Canada's Olivier Occean controls the ball during a 2014 World Cup qualifying soccer game against Cuba at the Pedro Marrero stadium in Havana, Cuba, Friday June 8, 2012. Canada defeated Cuba 1-0. (Franklin Reyes/AP)

Paul Attfield

Honduras standing in way of Canada's World Cup soccer dream Add to ...

Canada doesn’t often win in Cuba – its 1-0 victory last Friday was just the second time this nation has triumphed on the shores of the Caribbean’s most infamous island – but then Canada doesn’t often qualify for the World Cup either: just once in 55 years of trying.

Still, despite getting a leg up on the opposition – a solid three points in the first game of a four-team, double round-robin World Cup qualifying phase – Canadian coach Stephen Hart is not about to connect the two events, and neither should anyone else.


While many soccer fans in Canada are in the throes of passion that can only be provided by the big international tournaments, with the European championship the flavour of the month, Hart can only look on enviously and hope some of them spill over into BMO Field in Toronto on Tuesday night.

Through its first six games, Euro 2012 attracted an average of 707,000 viewers on TSN, a marked contrast to the game in Cuba last Friday that barely scratched 50,000 on Sportsnet. And with an exhibition draw with the United States last month drawing 15,000 to BMO, Hart will be hoping for at least that to roar Canada on to a significant step toward advancing to the final round of World Cup qualifying.

It won’t be easy. After losing its opener at home to Panama last Friday, Honduras will be “a wounded animal” when it turns up at BMO Field, although two consecutive clean sheets should be of some comfort, Hart said.

Canadian goalkeeper Milan Borjan, who was called on at short notice last Friday after starter Lars Hirschfeld was sent off for handling outside the area, will be given just his seventh start for the national team, but even with a relative lack of experience compared to Hirschfeld, his teammates have no doubt he can do the job.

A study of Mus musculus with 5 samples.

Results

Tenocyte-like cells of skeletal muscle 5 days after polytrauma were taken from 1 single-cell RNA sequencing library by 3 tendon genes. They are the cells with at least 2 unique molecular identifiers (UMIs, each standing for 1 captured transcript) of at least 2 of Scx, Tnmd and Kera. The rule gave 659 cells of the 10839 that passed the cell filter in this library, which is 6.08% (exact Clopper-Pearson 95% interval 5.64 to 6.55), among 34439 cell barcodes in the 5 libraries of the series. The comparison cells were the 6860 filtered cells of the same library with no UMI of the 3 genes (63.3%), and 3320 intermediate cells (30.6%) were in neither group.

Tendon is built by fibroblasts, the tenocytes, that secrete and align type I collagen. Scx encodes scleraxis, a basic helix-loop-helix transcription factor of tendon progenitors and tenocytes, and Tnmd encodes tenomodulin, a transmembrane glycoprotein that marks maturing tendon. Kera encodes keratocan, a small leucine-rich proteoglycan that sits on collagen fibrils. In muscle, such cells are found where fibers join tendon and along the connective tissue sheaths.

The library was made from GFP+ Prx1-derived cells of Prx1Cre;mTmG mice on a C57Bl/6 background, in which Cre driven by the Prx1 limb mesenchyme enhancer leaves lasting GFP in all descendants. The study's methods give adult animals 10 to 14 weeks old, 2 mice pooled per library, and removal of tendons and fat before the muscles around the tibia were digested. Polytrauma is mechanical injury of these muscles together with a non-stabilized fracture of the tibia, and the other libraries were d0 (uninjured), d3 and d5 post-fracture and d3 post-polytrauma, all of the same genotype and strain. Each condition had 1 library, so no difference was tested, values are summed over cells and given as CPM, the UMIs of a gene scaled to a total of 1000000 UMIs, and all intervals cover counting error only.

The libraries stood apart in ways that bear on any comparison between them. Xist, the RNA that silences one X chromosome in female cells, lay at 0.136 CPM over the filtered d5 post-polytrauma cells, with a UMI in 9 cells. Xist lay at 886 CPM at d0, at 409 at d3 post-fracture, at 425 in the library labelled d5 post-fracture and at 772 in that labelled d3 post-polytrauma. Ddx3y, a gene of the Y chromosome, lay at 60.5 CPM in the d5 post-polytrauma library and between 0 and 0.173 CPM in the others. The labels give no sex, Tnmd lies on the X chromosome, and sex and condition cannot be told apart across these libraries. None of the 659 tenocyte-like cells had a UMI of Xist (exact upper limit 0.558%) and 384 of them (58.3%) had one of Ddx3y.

“Thankfully there is no difference,” captain Dwayne De Rosario said of the switch. “They’re both calibred ’keepers and you saw Milan come in and fill the void when Lars unfortunately took a questionable red and he did fantastic for us, so you need that same type of mentality and leadership from him in goal.

“We’re confident with him back there and we have a very deep goalkeepers right now and we’re very fortunate to have that and we’re not expecting the level to drop in any way.”

Veteran PSV Eindhoven midfielder Atiba Hutchinson may also get a start for Canada this time after coming off the bench in Cuba having recently recovered from a knee injury, and based on Hart’s scouting report on the Hondurans, every bit of experience could be invaluable.

“A lot of athleticism and technical ability in key positions,” he said of the opponent Tuesday.

“They have some good wide play and of course [Carlos] Costly up front is a big man and a handful, especially crosses in the air, we’re going to have to eliminate [them] as much as possible, and of course deal with him when crosses do come in.”

The reward for a win is huge, as with six points Canada would be a long way toward the 10 or so it will take to ensure moving on, and with a summer break to follow for European-based players, getting it at home would be the perfect sendoff.